New York Jets wide receiver Brandon Marshall says

New York Jets wide receiver Brandon Marshall says the team's playmakers, including himself, must step up to counteract a 1-3 start. Photo Credit: Lee S Weissman / Lee S. Weissman

They’re “sad.” They’re “hurt.” And they’re “[ticked] off.”

But in no way have the Jets given up on themselves.

At 1-3, they’ve dug themselves an early “hole,” head coach Todd Bowles conceded. But “I don’t know if it’s a large hole.”

Bowles’ message to players on Monday was matter-of-fact and devoid of alarm and angst. “On to the next one,” he told them. “We’re close.”

He assured them that if they clean up “some mistakes” and figure out how to not “beat themselves,” they will be fine. And he later told reporters that “Actually, no I’m not [worried]. I think we have a chance to still do some things.”

But that’s easier said than done.

The Jets’ offense is “out of sync right now,” running back Matt Forte said. Quarterback Ryan Fitzpatrick leads the NFL with 10 interceptions. Their $150-million secondary is playing so poorly, Bowles hasn’t ruled out making lineup changes. Oh, and they head to Heinz Field to face the Pittsburgh Steelers (3-1) on Sunday.

According to ESPN, only 14 percent of 1-3 teams have made the playoffs since 1990 under the current postseason format. “Fourteen? Wow. So our year’s over, huh?” Brandon Marshall said playfully.

The star receiver believes it’s far too early for him and his teammates to lose faith in one another. “We’ve shown that we can play against playoff teams,” Marshall said, “but we haven’t shown that we can beat them yet.”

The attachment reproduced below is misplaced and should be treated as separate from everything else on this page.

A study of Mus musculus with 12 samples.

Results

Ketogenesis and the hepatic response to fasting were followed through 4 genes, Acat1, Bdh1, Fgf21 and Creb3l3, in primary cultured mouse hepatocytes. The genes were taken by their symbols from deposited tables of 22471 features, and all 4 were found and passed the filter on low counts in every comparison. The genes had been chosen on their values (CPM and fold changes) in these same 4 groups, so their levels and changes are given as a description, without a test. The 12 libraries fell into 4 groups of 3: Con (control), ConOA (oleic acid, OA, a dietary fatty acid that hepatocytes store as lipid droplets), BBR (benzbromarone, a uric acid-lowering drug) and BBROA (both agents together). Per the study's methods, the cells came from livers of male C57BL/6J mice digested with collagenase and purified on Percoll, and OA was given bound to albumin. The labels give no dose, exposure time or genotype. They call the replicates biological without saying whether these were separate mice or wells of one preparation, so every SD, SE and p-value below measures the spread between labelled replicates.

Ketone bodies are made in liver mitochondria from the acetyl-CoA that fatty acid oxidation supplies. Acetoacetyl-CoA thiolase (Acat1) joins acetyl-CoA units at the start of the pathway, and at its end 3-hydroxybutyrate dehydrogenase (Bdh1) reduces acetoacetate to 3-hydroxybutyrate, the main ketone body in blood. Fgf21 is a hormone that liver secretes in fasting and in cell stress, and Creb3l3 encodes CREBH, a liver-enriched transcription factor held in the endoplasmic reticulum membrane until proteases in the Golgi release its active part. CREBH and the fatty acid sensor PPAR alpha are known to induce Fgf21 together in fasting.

Wholesale changes aren’t necessary, however, said Fitzpatrick. Neither is hitting the panic button, players said.

“I think that the number one solution is for everybody to be on the same page, everybody to do their assignment, and just be more efficient,” said Fitzpatrick. “I don’t think we need to go into full on panic mode and change who we are or what we’re about it, and I think it’s more trusting what the coaches are giving us for our game plan, and going out and doing it.”

Marshall offered another simple solution: “Stars have got to be stars. Got to make plays. It starts with guys like myself and the other playmakers on this team. ... In these moments, you can either fold and you fight against one another, and it’s divisive to the team. Or you can look at each other and fight and hold each other accountable.”

Defensive end Muhammad Wilkerson said last year’s 1-4 stretch between Weeks 7-11 — which dropped them to 5-5 — is proof that the Jets (who finished 10-6 in 2015) are capable of turning around their season. And with almost all of the same pieces back from 2015, players are confident that 2016 isn’t lost.

“It’s always not as bad as you think it is, and it’s not always as great as you want it to be,” Bowles said. “You just persevere and you work through it and as long as the team stays together, you know you’re going to come out on the other end and be OK.”